Problems Cinching? Something out of place? - The Horse Forum
 

I have posted several threads about my pony Gizmo.. well he has another problem. Over the past like maybe 9 months? Gizmo has been fidgety when he is saddled. Well this past summer we found a girl to ride him (I am sadly too big & have two other horses). He was always really fidgety when she saddled him but recently he is ALOT worse. Its mostly when she is tightening the girth. He moves around alot and then looks like he spooks when she pulls up on the girth (or should I say CINCH, it's a western saddle). You know how horses throw all four feet out when the see something that makes him spook? That's what he does. Then when I tried to saddle him about a week ago, he put his front legs out in front of him and put all his weight on his back and acted like he was going to fall. He also seems like he wants to bite. He will reach his head around towards you and put his ears back, which he has NEVER done.

I rubbed my hand over his ribs where the cinch goes and he will raise up and suck in like it hurts him. But what I don't get is that he is fine when she rides him. I know Gizmo, and if something is bothering him he will show us (bucking, kicking, putting ears back, ect.) We are thinking about having a chiropracter coming out to look at him. I was just wondering if anyone had any advice?

*ps- I know it isn't the girl's saddle, because I have the same saddle I used to ride him in when I first got him and he does it with mine too and he didn't use to.

If that all checks out, then next have a chiropractor in to check as they can have a rib out.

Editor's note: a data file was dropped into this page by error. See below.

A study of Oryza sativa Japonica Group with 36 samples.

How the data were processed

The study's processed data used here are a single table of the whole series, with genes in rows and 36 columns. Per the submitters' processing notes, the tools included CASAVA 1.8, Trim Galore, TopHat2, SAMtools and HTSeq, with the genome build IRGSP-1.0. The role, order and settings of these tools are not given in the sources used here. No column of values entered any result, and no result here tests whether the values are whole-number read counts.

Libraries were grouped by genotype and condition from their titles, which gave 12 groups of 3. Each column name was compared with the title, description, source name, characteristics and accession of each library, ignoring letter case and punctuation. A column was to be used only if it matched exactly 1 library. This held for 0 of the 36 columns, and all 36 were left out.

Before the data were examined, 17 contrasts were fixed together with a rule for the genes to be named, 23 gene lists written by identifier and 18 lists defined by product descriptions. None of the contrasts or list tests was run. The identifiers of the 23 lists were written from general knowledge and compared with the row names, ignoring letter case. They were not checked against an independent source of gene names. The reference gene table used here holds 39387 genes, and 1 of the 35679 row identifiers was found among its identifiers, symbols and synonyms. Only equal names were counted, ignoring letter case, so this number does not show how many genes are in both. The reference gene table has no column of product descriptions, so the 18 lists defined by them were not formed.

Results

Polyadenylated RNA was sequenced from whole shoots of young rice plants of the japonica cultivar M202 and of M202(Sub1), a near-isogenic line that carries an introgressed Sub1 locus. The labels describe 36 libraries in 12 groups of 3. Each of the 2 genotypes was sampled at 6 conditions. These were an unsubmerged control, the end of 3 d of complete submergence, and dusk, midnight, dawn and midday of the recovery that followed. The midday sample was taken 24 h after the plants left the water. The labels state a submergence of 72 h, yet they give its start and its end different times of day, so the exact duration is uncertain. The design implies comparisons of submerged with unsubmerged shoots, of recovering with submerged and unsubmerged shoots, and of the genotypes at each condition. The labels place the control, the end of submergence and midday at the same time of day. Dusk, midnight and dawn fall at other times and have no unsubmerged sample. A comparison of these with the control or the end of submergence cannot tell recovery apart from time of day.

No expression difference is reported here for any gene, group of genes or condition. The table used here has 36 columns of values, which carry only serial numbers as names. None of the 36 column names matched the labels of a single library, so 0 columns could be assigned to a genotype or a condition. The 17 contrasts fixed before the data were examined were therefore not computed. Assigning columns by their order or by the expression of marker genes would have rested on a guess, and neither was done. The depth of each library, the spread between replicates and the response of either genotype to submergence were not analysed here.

If that's fine too, then he may simply be a horse who's very sensitive in that area.

How would the vet check for ulcers?
Originally Posted by wyominggrandma View Post
My granddaughters barrel horse started doing the same thing when cinching her up. Acting like she wanted to go down, spreading her legs, turning around to bite, and believe me, she got us all a couple of times she was so quick. No matter how we cinched her up, even tried a couple of different types, but nothing worked. Charmayne James was having a barrel clinic and had her personal chiropractor there. We had him work on Ruby and found out her neck was out just at the withers, after he adjusted her, she never gave us another problem. He said it can happen easily when they run and play, slip when running, rolling, etc, just a thing that can put it out of place. Maybe he has the same issue.
He actually fell one time like last summer I believe. He was chasing the other horses and just lost his footing. He got up and kept running so we supposed everything was fine. I wonder if that could be the problem, something out of line and then maybe it got worse? Well we'll definitely have the chiro come out than, Thanks! :)
Ulcers are diagnosed by placing an endoscope up the nose and down into the stomach where you can see the gastric mucosa on a screen. Very cool actually.
Wow.. well if he does have ulcers is there anything we can do about it?

One thing I've learned working with horses: You can FORCE a horse to do something on a tight rein and he might do what you ask or you can TEACH a horse to do something on a loose rein and he will do it willingly with his heart.
Wow.. well if he does have ulcers is there anything we can do about it?

absolutely! Also, your vet may decide to treat even if ulcers are not seen in the stomach as they can also be in the intestines. Based on physical exam and history, they will help you decide what is right for your guy.

Treatment is typically omeprazole (Gastroguard in horses, prilosec in humans) and given for 2 weeks. After treatment, you can put him on an ulcer preventative. Two that I like are U-guard and smart gut, both from Smart Pak and both very affordable. The Gastroguard on the other hand is very pricey but ulcers are serious business and need to be addressed.

I also agree with others about having the chiro out, making sure the girth doesn't rub, saddle fit (I know yours fit him before, but if his back is changing the saddle fit will change with it).

Good luck!

~Jackie
Pssh.I didn't pick up the wrong lead.It's called a counter canter...A very advanced maneuver.